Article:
Amazon allegedly sold "suicide kits" to vulnerable teens

Amazon allegedly sold “suicide kits” to vulnerable teens

There are several active lawsuits against Amazon about this, the most recent of which was filed 30 March 2023 and based on 2020 purchases.

Etsy and ebay discontinued sales of all sodium nitrite in 2019 or 2020. Amazon (maybe?) “limited” it in November 2022.

The lawsuits target not only too easy access but also Amazon’s search function and algorithm-based recommendations.

This is particularly relevant to @Medic’s topic, Mods supply suicide phone number for seller.

If you are experiencing mental health-related distress or are worried about a loved one who may need crisis support, please contact the confidential, free, and always available #988 Suicide & Crisis Lifeline to connect with a trained crisis counselor. Call or text 988. Chat at Visit for resources.

Today is not going to be a high optimism day.


I do wonder if that was an affiliate link.

Beyond disgusting.


The result is disgusting but the blame belongs elsewhere.

I am tried of actions which attempt to solve problems for certain individuals by depriving others of something valuable, useful and legal.

No - I am not going to go off the reservation and make a gun control argument.

Many allergy sufferers are inconvenienced when they want to buy pseudoephedrine, and pay a higher price because has to be sold behind the pharmacy counter, and in relatively small quantities. This was the solution to its use to make methamphetamine.

When the great thalidomide tragedy occurred in 1968, the drug was banned for all treatments, not just as a treatment for morning sickness, and not just for women who were pregnant or planning to become pregnant (a common quote from drug commercials on TV).

That included patients with multiple myeloma until relatively recently.

And of course, we know how patients with pain, are not being treated with opiodsm because there are addicts who might gain access to their meds.

I have no idea how we strike a balance, but I know the Ebay and Etsy solution will probably become the norm, and other people will suffer to protect the mentally ill.

You know I do not love Amazon, but this is someone else’s problem to resolve, not theirs.


Amazon has options beyond banning this substance on their platform, and they have not taken them.

The term “suicide” should not be a suggested search term for any item on Amazon, unless it is a suicide prevention kit. Searching for suicide aids should yield no results. A more proactive or hands on approach to managing search terms, keywords, etc. could reduce this problem and is practical, not particularly difficult, and I personally feel reasonably expected.

If every chat or posting platform can have a profanity censor of customizable sensitivity, including one that recognizes many attempts to circumvent the censor, then Amazon search can avoid recommending suicide kits without prohibiting their sale for legitimate use.


Exactly. It was not just the item itself; it was the whole constellation of “related searches” and “also buys” and autofills that facilitated greater teen knowledge of how-to.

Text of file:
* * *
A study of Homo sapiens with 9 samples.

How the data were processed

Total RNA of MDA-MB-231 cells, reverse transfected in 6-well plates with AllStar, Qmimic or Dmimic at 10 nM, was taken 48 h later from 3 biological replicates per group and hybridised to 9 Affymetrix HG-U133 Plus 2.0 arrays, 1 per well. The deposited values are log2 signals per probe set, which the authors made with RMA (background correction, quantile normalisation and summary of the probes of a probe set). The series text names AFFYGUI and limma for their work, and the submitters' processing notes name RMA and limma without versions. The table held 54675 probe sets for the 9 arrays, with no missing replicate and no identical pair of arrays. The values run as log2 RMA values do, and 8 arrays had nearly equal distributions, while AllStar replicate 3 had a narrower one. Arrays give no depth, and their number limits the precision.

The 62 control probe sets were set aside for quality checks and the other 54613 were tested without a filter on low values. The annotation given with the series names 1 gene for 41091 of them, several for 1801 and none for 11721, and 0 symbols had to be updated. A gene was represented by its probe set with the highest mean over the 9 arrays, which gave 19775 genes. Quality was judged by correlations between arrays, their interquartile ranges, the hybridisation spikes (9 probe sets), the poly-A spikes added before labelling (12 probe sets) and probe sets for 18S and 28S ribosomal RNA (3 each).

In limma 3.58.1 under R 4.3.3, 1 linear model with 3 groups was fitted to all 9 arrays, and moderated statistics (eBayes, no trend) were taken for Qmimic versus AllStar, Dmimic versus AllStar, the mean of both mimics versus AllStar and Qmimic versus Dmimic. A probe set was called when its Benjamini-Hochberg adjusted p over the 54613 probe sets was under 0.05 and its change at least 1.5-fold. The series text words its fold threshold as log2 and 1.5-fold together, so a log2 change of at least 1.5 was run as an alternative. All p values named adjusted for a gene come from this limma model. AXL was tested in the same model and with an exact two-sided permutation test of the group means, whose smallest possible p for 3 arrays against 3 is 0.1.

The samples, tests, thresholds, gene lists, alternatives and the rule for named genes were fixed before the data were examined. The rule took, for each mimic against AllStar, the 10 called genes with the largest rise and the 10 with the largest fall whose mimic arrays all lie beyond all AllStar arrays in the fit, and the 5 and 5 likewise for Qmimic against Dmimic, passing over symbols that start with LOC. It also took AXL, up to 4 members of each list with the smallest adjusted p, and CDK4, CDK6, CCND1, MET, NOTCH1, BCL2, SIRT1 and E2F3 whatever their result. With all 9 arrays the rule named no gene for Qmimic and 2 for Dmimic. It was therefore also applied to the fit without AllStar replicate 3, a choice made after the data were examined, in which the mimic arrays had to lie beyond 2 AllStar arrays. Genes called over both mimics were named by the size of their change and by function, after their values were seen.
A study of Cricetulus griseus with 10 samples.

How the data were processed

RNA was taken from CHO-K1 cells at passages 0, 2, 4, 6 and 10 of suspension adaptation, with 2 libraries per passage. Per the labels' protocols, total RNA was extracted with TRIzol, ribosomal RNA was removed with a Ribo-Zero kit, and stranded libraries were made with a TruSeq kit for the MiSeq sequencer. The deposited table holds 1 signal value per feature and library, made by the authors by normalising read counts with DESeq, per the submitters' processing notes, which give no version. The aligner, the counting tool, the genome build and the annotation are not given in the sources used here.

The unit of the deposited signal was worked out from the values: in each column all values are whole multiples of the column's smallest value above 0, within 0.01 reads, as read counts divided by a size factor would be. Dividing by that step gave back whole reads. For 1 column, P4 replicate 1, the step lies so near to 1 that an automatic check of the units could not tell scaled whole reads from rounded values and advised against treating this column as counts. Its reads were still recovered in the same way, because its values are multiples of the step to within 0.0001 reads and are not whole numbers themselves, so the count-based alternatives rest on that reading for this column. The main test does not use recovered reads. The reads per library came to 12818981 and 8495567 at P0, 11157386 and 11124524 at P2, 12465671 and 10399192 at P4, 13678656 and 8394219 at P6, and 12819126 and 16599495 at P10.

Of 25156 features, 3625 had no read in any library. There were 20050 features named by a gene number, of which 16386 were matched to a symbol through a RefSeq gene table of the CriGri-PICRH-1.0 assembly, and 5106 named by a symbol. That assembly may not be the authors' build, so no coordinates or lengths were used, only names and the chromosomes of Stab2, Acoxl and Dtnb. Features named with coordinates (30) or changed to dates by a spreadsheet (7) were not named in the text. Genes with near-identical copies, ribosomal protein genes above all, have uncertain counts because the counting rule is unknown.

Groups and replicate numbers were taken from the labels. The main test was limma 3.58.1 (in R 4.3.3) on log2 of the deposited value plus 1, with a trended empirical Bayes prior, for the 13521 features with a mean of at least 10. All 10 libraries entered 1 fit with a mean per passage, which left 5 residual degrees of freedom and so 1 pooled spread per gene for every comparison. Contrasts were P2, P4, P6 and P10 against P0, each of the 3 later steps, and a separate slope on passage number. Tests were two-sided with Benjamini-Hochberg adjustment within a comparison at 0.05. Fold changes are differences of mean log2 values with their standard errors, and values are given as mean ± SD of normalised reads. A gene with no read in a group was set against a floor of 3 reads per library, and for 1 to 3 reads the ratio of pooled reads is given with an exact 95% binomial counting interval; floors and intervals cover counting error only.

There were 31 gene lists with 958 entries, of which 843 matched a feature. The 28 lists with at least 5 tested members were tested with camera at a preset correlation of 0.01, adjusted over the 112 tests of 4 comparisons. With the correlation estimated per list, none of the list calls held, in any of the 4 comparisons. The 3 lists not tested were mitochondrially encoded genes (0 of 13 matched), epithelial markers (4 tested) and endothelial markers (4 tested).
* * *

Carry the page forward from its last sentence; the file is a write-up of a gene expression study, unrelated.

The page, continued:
It’s the continuation of the Seller-side struggle of automated bots/AI with no human oversight and Amazon’s attempt to cloak itself in plausible deniability and take no responsibility for its failures.


That argument simply means make it harder for ALL buyers to buy and harder for ALL mass market sellers to sell.

The result may be tragedy, but the tools for averting them need to be elsewhere. Personal support systems and people who care about those with mental health issues are required for survival - not restrictions or more clumsy, poorly defined bots

Human beings are required. Particularly, those who care about the people in their lives.

The necessity for human intervention in the lives of people with suicidal urges is indisputable. However, I don’t agree with the argument that the only alternative is overbearing regulation. Amazon has the tools to restrict its keywords, suggestions, related searches, etc. such that the items are still searchable and available for purchase without facilitating or enabling suicides. They choose not to use these tools in favor of letting the bots reign supreme, lest there be actual people involved in the process.

I reject the notion that preventing the word suicide from showing up in suggested searches is some kind of hamfisted regulatory overreach.

I reject the notion that an Amazon employee spending time to make sure a potentially deadly substance isn’t recommended to be purchased alongside a suicide instruction book or a drug that makes it harder to survive a suicide attempt is going to damage the marketplace and harm sellers en masse.

I reject the notion that Amazon bears no responsibility for the suggestions advanced by its algorithms.

You can kill yourself with rat poison. I am not opposed to the sale of rat poison. I am strongly opposed to the sale of rat poison bundled with a book called “3 Easy Ways To Kill Yourself With Rat Poison!”

It is not Amazon’s job to keep kids safe, but it damn well better be their job to make sure they aren’t endangering them.


Nah, just the ones looking for/selling suicide kits. :woman_shrugging:

@maintak - Amazon is not targeting these kits to hospice patients or caregivers. Amazon’s target audience is teenagers and other fragile at risk individuals. Not taking down these listings is irresponsible.

@papy - This is the most disturbing news about Amazon I have ever read and it just takes my opinion of this company’s employees to a new low.